Printer’s Proof is pushing the boundaries of a rare artform
By Lena Hunter | Photos: Printer’s Proof
Valby, Copenhagen: in a one-storey building designed by Danish architect Ole Vinter in 1953, printmaking experts Olga Zolin and Kell Johan Frimor are running Printer’s Proof – an etching studio, publishing house and gallery. But something unusual is happening in their workshop. Since its establishment in 2013, the studio has been quietly nurturing a bygone form of printing.
“When we say we work with printmaking, most people assume that it’s lithography. But it’s deep print – an intaglio method in which motifs are etched into copper plates. It’s a much older technique that originated in the 1400s,” says Olga.
Though Olga and Kell are experts in printmaking, neither are artists themselves. Olga studied art history in Italy and the Netherlands, while Kell is a qualified Master Printer. “Perhaps the only qualified intaglio printmaker in Denmark,” says Olga. At Printer’s Proof, the pair collaborate with artists of all disciplines, facilitating the production of etchings in their studio.
“I think the reason why artists – whether they are a painter or a sculptor – don’t go into printmaking is because it requires such huge know-how. So this form of collaboration is extremely important because, when artists come to our studio, our ambition is not to create something that imitates their existing production, but to facilitate the creation of a completely new body of work, while staying true to their studio practice,” explains Olga.
“It’s a very close collaboration from beginning to end,” adds Kell. “It may be my hands doing the printing, but it’s their thoughts and ideas. You could say that they’re the head and I’m the hands, until we have a finished work that hits the mark.”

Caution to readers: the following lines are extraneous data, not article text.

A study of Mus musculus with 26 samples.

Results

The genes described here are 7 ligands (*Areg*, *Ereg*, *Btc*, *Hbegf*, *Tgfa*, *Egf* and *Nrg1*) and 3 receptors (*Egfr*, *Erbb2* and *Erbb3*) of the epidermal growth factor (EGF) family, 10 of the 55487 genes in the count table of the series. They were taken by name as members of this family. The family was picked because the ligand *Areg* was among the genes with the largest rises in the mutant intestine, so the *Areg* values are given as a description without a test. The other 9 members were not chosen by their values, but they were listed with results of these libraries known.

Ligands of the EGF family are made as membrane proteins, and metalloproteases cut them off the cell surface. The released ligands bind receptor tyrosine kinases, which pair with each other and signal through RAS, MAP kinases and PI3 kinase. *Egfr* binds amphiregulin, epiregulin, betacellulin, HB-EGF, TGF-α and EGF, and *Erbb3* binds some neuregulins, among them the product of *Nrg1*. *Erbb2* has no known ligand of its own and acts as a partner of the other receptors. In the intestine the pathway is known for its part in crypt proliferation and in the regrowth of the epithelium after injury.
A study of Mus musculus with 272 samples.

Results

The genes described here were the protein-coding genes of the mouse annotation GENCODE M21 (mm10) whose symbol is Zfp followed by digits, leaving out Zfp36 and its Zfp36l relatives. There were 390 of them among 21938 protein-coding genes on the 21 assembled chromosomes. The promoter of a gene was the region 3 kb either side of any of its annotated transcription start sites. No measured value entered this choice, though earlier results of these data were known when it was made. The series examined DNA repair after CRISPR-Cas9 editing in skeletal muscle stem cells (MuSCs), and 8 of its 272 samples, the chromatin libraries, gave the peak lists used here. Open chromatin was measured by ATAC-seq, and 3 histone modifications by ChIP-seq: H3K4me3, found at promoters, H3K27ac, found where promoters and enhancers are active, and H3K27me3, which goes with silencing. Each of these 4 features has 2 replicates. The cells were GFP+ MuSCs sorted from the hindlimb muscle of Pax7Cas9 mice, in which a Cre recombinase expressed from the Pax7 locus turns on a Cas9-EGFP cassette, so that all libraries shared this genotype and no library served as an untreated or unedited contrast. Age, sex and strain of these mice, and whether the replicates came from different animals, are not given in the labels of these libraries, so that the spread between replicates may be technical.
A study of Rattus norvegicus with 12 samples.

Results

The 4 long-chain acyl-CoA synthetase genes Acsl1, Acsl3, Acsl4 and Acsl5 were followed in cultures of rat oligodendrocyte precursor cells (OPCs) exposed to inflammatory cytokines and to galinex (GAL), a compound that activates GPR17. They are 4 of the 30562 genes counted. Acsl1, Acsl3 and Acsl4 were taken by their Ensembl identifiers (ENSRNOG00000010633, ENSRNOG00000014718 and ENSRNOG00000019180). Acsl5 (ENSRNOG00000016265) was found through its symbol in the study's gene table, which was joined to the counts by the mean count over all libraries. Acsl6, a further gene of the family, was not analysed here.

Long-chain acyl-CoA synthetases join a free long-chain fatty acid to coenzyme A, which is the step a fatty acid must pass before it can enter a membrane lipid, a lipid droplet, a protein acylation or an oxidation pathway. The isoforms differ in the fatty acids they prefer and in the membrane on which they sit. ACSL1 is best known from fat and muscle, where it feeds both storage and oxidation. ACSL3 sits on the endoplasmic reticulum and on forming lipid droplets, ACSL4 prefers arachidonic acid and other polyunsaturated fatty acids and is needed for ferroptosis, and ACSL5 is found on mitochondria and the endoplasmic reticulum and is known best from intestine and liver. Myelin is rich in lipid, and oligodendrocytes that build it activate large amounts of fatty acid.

“Often, something exceptional occurs”
Olga and Kell actively seek out artists who have never worked with etching before. “There’s something exciting about bringing an artist over to a new medium. Often, something exceptional occurs when finding an approach where they can work as freely as possible with this new material. Our job is to solve the technical transition,” says Kell. Etching can be complex. It’s a slow process that requires patience. “A day can pass from the moment an artist finishes working on the plate, to seeing the finished result,” explains Olga.
A recent series of 22 monoprints by the Danish artist Ruth Campau, called This Moment for You, particularly embodied this spirit of exploration. “She’s known for her big installations, made from metres-long panels painted with her signature brushstroke. But here, the brush mark is registered on the copper plate as an etching, then printed on the paper. The result brings forth her brushstroke in an entirely unique way, with a delicacy she wouldn’t have been able to achieve any other way. Yet, she worked with the same tools – a broom-like brush – and made the same sort of mark,” says Olga.
Likewise, Olga and Kell point to their collaboration with London-based artist Erin Lawlor, who is renowned for her masterful works of oil on canvas. She produced an arresting series of three ‘non-figurative’ aquatint etchings – distinctively sculptural, monochromatic compositions that capture interplay between empty space and solid forms.
A nexus of the art scene
Printer’s Proof counts amongst the youngest generation of fine art publishers in Copenhagen. Many of their collaborations have been with young artists fresh from the Art Academy, or still studying. “By working with young artists, we’re not only nurturing etching in a broad sense, but raising the profile of Copenhagen’s print scene. So I think it has had a hand in that shift.”
As a printing studio, publishing house and gallery, Printer’s Proof cultivates close and multi-layered relationships with its collaborators. As a result, it has become something of a hub for artists across generations and disciplines to meet and find inspiration in one another’s work and processes. “All those artists we work with – that’s because we believe in them 100 per cent. We invest our own money into these projects, so we run the risk along with the artist. In that sense we’re much more than a gallery,” explains Kell.
Visit the gallery
With rolling exhibitions of recent projects, special events and an open studio, the Printer’s Proof gallery is indeed a little universe of its own. “In other galleries you have the works on the walls and maybe someone who’s available for questions, but here you can see how the work is created, and then you can see the finished work,” says Olga.
“The printing process requires a lot of concentration, so most of the time it’s just the two of us. But we welcome visitors. You can come down and we’ll explain our work and open our drawers.” More than a gallery, more than a studio, Printer’s Proof is a modern incubator for a 500-year-old art medium.